Fred Wilson’s blog today, AVC, raises a provocative question. How much of the equity value of a social network should properly belong to the members? Fred’s question was triggered by Joe Nocera writing in THE NYT about WHO OWNS THE FUTURE by Jaron Lanier. There are no easy answers to this complex question – and it’s an important one with bearing on how wealth is distributed. Fred starts with a look back at mutual companies. Here’s his blog:
The Mutual Company
I remember a time when I was growing up when many of the savings banks and insurance companies were mutual companies. A mutual company is one where the customers own the company, more or less. It seems like the concept lost favor and many of these banks and insurance mutual companies were “demutualized” in the 80s and 90s. I don’t really profess to understand all the reasons and history behind mutualization and demutualization. I suspect some of you may know a lot more than me about this stuff.
I started thinking about mutual companies after reading Joe Nocera’s column in the New York Times which was based on his read of Jaron Lanier’s “Who Owns the Future?”
Joe asks in the title “Will Digital Networks Ruin Us?” and here is the money quote:
“the value of these new companies comes from us. “Instagram isn’t worth a billion dollars just because those 13 employees are extraordinary,” he writes. “Instead, its value comes from the millions of users who contribute to the network without being paid for it.” He adds, “Networks need a great number of people to participate in them to generate significant value. But when they have them, only a small number of people get paid. This has the net effect of centralizing wealth and limiting overall economic growth.” Thus, in Lanier’s view, is income inequality also partly a consequence of the digital economy.”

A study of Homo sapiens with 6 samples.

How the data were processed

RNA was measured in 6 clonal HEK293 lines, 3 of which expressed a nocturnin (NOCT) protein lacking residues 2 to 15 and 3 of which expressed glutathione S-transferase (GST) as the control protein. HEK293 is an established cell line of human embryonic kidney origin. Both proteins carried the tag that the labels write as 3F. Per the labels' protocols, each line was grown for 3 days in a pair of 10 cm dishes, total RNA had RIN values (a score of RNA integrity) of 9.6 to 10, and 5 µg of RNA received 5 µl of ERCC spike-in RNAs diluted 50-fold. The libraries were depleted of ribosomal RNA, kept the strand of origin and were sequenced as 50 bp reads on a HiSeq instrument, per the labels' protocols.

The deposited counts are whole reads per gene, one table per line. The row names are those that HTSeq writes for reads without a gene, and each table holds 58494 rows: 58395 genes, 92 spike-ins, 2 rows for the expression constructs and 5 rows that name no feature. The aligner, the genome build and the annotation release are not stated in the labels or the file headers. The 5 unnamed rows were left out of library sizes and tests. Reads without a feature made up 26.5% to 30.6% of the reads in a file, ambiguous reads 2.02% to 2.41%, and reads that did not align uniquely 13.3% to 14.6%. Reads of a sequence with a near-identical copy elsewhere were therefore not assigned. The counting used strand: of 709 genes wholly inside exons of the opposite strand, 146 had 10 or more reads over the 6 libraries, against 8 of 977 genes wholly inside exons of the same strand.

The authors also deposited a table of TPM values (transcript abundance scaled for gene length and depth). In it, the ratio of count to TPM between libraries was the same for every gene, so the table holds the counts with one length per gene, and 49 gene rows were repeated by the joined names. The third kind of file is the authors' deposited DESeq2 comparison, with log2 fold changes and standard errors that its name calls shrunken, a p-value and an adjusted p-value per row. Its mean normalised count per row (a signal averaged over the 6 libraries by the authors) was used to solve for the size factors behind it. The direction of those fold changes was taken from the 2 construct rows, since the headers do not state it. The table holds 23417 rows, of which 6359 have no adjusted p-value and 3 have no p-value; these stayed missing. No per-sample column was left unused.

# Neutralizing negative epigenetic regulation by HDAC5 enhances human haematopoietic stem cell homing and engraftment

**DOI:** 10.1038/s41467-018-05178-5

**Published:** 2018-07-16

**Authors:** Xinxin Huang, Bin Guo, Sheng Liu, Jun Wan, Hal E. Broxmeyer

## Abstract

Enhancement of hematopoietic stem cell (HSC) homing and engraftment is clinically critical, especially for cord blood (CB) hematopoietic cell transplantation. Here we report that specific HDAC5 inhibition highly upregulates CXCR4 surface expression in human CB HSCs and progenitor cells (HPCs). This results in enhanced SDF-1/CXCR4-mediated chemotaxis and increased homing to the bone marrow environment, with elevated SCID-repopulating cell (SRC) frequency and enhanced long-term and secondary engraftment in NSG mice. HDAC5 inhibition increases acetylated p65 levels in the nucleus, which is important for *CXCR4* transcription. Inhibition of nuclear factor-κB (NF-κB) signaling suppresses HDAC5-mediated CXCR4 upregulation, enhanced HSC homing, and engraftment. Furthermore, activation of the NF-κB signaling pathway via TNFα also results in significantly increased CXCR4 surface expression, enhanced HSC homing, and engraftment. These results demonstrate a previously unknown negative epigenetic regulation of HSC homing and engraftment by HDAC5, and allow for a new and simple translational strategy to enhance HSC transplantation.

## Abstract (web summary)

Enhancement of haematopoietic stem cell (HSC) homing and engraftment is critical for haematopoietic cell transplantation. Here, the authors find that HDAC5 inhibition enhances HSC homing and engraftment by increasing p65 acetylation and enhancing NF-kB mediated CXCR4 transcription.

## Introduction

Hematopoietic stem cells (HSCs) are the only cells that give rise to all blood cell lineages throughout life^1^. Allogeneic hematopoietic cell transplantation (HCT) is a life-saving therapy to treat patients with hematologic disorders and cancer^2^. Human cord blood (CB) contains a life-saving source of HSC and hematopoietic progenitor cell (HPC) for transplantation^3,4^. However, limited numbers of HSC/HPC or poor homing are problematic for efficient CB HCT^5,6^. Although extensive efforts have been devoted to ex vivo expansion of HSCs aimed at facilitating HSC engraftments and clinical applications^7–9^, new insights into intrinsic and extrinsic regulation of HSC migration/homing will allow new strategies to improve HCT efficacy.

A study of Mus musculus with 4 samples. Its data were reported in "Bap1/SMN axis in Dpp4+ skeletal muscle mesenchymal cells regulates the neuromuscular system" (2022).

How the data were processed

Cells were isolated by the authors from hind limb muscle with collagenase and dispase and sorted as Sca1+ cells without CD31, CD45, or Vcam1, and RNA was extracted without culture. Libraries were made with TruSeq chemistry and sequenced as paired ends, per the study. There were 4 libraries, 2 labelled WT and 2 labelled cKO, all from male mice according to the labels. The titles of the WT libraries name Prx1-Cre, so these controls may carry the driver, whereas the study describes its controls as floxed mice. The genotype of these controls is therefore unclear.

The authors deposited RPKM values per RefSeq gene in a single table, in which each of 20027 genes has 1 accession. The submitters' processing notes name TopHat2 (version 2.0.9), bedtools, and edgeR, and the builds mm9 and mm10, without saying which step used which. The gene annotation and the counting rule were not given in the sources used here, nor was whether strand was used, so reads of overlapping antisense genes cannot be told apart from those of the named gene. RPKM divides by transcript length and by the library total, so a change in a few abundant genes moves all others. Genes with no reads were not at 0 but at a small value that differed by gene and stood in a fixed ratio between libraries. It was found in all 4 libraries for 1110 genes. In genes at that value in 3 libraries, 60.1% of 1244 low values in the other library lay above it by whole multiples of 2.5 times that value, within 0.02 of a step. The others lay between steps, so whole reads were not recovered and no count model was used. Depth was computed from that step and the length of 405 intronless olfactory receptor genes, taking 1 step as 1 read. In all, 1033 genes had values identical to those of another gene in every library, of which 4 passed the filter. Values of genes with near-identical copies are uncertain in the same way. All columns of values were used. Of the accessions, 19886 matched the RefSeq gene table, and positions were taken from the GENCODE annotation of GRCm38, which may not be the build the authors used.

At USV we invest in digital networks, so this is a fundamental question that we think about a lot. We would not want to be investing in something that “will ruin us” and we don’t think we are investing in something ruinous. But we do talk about this issue all the time.
I will come back to the mutual company thing in a bit, but first I want to say that Joe and Jaron are leaving out the notion of consumer surplus in their analysis. The newspaper costs money. Twitter is free. In a world where “we” create the newspaper instead of the NY Times, the newspaper can and will be free. That is happening all over the place, because of the efficiency of digital networks, and the result is a large amouNt of consumer surplus that is landing in all of our laps.
But maybe that is not enough. Maybe the creators of these networks ought to mutualize so that their users, who are creating the value, can participate in the upside. We have not seen anyone do this to date. We have talked to a number of startups and networks about the idea. We have not seen any takers yet. But we will continue to have the conversation because this is worth trying and seeing how it would turn out. The result could be a much more sustainable and lasting network. Something for everyone to think about this morning.